Cryptocurrency Regulations: A free guide to global crypto-regulatory environments to help navigate various legislative positions towards cryptocurrency.
As cryptocurrencies spread across the globe, so too do the regulations put in place to try and govern them. The landscape is constantly evolving and keeping up to date with the rules in different territories isn’t easy. To help you navigate the various legislative positions towards cryptocurrencies, and the activities associated with them, we’ve put together this guide. Learn how different nations approach coin and exchange regulation and if they have any upcoming legislation which could alter their approach to cryptocurrencies.
Cryptocurrencies: Not considered legal tender
Cryptocurrency exchanges: Legal, regulation varies by state
It’s hard to find a consistent legal approach to cryptocurrencies in the United States. Laws governing exchanges vary by state, and federal authorities actually differ in their definition of the term ‘cryptocurrency’. The Financial Crimes Enforcement Network (FinCEN) doesn’t consider cryptocurrencies to be legal tender but since 2013 has considered exchanges as money transmitters (subject to their jurisdiction) on the basis that tokens are “other value that substitutes for currency”. The IRS, by contrast, regards cryptocurrencies as property – and has issued tax guidance accordingly.
Cryptocurrency exchange regulations in the United States are also in an uncertain legal territory, and several of the federal regulators claim jurisdiction. Of the major US regulatory bodies, the Securities and Exchange Commission (SEC) has indicated that it considers cryptocurrencies to be securities: in March 2018 it stated that it was looking to apply securities laws comprehensively for digital wallets and exchanges. By contrast, The Commodities Futures Trading Commission (CFTC) has adopted a friendlier, “do no harm” approach, describing bitcoin as a commodity and allowing cryptocurrency derivatives to trade publicly.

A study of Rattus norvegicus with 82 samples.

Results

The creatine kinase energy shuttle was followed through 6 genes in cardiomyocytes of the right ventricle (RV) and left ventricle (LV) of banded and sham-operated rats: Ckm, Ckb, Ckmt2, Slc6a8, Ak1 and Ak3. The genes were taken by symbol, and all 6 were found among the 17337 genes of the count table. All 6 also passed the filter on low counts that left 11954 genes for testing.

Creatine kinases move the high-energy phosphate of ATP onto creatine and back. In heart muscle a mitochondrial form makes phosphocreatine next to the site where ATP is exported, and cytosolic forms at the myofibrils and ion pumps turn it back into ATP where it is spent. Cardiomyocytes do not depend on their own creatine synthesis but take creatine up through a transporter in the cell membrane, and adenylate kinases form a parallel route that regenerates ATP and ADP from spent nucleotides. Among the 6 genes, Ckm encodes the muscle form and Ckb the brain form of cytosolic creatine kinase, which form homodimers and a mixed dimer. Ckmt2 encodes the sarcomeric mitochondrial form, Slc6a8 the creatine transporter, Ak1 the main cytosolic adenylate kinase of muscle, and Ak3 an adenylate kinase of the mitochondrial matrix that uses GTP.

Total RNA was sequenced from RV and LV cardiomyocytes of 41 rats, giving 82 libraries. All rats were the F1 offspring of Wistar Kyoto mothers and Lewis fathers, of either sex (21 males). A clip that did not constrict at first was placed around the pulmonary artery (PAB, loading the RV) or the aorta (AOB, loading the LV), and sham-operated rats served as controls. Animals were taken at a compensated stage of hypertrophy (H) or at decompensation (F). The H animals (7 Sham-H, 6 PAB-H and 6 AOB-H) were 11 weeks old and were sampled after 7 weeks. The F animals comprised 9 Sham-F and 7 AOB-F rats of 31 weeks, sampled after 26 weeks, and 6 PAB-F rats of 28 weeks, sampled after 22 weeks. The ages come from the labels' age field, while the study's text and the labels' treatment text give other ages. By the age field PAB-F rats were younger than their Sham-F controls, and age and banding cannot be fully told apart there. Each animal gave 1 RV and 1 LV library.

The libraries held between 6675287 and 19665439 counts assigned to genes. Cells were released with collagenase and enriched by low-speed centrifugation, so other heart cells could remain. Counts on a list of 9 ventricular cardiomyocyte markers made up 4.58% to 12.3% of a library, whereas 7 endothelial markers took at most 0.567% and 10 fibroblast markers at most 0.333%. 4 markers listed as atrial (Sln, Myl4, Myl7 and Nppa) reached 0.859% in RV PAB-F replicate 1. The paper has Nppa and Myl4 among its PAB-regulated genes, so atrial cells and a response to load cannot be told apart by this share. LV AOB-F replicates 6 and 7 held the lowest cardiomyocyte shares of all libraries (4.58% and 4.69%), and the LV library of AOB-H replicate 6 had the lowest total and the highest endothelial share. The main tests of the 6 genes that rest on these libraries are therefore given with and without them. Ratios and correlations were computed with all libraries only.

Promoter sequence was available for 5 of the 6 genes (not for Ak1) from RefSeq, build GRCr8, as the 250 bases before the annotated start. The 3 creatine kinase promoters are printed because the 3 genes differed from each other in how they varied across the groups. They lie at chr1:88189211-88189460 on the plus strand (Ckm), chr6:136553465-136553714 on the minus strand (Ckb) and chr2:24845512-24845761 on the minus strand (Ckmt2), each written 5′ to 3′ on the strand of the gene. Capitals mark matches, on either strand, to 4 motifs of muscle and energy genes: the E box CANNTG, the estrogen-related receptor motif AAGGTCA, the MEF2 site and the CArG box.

The Justice Department is coordinating with the SEC and CFTC over future cryptocurrency regulations to ensure effective consumer protection and more streamlined regulatory oversight. The US Treasury has emphasized an urgent need for crypto regulations to combat global and domestic criminal activities and, in January 2018, Treasury Secretary, Steve Mnuchin, announced a new FSOC working group to explore the increasingly crowded cryptocurrency marketplace.
Cryptocurrencies: Not legal tender
Cryptocurrency exchanges: Legal, regulation varies by province
Cryptocurrencies aren’t legal tender in Canada but the Canada Revenue Agency has taxed them since 2013. Canada has been fairly proactive in its treatment of cryptocurrencies: back in 2014 it brought entities dealing in virtual currencies under the Proceeds of Crime (Money Laundering) and Terrorist Financing Act, while in 2017 the British Columbia Securities Commission registered the first cryptocurrency-only investment fund.
Cryptocurrency exchange regulations in Canada are inconsistent at the provincial level, but at the federal level, the authorities treat cryptocurrencies as securities. In August 2017, the Canadian Securities Administrators (CSA) issued a notice on the applicability of existing securities laws to cryptocurrencies, and in January 2018, the head of Canada’s Central Bank characterized them “technically” as securities.
More regulation on crypto exchanges is on the way. In response to its mutual evaluation by FATF, Canadian authorities issued draft amendments to the Proceeds of Crime (Money Laundering) and Terrorist Financing Act in June 2018. The revised regulations will now include cryptocurrency exchanges – meaning those entities are subject to reporting obligations, and essentially regulated in the same way as Money Services Businesses.